Surf’s up in the Laurel Highlands!
Whitewater lovers are flocking to Somerset County this weekend for the annual Stonycreek Rendezvous.
Greenhouse Park, an 11-acre oasis on the Stonycreek River, will be the gathering spot for up to 1,000 paddlers using canoes, kayaks, rafts and stand-up paddleboards in what has become a can’t-miss weekend for watersports enthusiasts.
“It is a really fun event,” said Brian Smart, president of the Keel Haulers Canoe Club, which is based in Ohio but – as one of the largest paddling clubs on the East Coast – has members stretching from New York to North Carolina. “I know that they do a great job. They have more than just paddling. They have vendors, they have live music. They have raffles, they have a race. It’s a draw for all sorts of people.”
Steve Podratsky, vice president of the Benscreek Canoe Club, told tribdem.com that the Rendezvous attracts visitors from 12 to 14 states and that more than 50 percent of attendees travel farther than 60 miles for it.
Admission to the event is $10 for a weekend pass, and Greenhouse Park has tent camping available for $10. Food vendors will be on hand, as will Stone Bridge Brewing Co., which will be offering a specially brewed beer for the event.
‘I wish I lived closer'
Smart, who also comes to the Laurel Highlands to paddle the Youghiogheny River, will be making his second trip from Northeast Ohio to the Stonycreek Rendezvous.
“I love to surf waves there,” he said. “I wish I lived closer to those waves so that I could visit more often. The club in general has been going to that festival for quite a while.”
The 32nd Stonycreek Rendezvous opens on Friday, May 19 and runs through Sunday, May 21.
“It started out as a downriver race on the Benscreek,” said Mike Cook, president of Benscreek Canoe Club, which schedules whitewater releases from the Quemahoning Reservoir and runs the Rendezvous. “It was called the weekend of races. Over the years it morphed into the whitewater event that it is today.”
Where to eat/stay,
what to do
PLACES TO STAY
While camping is available at Greenhouse Park, there also are great lodging options near the Stonycreek Rendezvous.
- The Schantz Haus Farm Vacation Bed and Breakfast is just 4.5 miles from Greenhouse Park and offers comfortable lodging at the farm originally owned by the founder of nearby Johnstown.
- Laurel Manor Motel in Jennerstown is about a 16-mile drive.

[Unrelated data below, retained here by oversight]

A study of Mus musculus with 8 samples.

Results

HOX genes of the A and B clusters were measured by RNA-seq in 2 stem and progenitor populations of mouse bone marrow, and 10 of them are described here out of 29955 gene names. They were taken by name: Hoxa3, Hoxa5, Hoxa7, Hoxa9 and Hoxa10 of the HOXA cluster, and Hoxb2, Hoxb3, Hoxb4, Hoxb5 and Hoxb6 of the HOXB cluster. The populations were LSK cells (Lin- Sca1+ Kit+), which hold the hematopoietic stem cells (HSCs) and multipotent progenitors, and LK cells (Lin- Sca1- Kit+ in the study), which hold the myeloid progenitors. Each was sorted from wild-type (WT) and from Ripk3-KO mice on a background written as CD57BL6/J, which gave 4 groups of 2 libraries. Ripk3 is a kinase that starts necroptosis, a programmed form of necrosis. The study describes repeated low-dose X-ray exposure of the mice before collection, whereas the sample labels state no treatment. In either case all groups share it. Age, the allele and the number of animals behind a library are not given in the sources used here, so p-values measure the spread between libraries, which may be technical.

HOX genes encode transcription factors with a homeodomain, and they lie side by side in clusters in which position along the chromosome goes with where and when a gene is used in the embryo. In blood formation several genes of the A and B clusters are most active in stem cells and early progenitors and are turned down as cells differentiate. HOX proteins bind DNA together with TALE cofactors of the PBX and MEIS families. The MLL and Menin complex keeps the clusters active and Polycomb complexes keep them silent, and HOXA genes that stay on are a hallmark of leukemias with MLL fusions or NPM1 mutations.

THINGS TO DO
- If you opt for the Laurel Manor Motel, be sure to grab lunch at the Flyin Lion Pub & Eatery, which is less than half a mile down the road
- And check out Jennerstown Speedway on Saturday night.
- If you’re in the mood for a great taco, a beer and a game of pinball – and, really, who isn’t? – head to Windber’s Greenhouse Arcade.
- Be sure to leave some time on Sunday to visit the Johnstown Flood National Memorial and Johnstown Flood Museum.
Race and rodeo
The freestyle rodeo – which includes paddlers performing tricks on the water – is one of the annual highlights of the Rendezvous. It begins at 2:30 p.m. Saturday and is free for spectators.
“Greenhouse Park is a really good venue to come and observe,” Cook said. “If someone wants to watch a whitewater event, the rodeo is awesome because it happens right in front of you.”
This year’s Rendezvous also features a Class II/III downriver race, which begins at 6:30 p.m. Friday. The event, which costs $20 to enter and features multiple categories, is from Carpenter’s Park to Greenhouse Park. It is part of the Headwaters Racing Series.
The Stonycreek’s journey from a pollution-infested body of water that couldn’t host aquatic life to one that now draws tourists to the Laurel Highlands has been an incredible journey. Decades of acid-mine drainage left it essentially lifeless, but conservation efforts helped clean up the Stonycreek, and it was named Pennsylvania’s river of the year in 2012.
“It’s really become a recreation asset to the community over the years,” Cook said. “As kayakers, we’ll paddle some polluted waters ... but what’s really cool about the Stony and the improvements made through is it’s become a recreation destination.”
The installation of a valve on the Quemahoning Reservoir helped with that, allowing the Stonycreek River to become home to the state’s first manmade whitewater park. Benscreek Canoe Club schedules releases every other weekend throughout the summer, as long as the reservoir’s water level is high enough to support them, that generate Class II and Class III rapids.
If you don’t have the equipment to join in on the Stonycreek Rendezvous but still want to enjoy some time on the river, check out Coal Tubin’. They offer floating and biking experiences throughout the summer, including a commercial rafting trip on Saturday, May 20.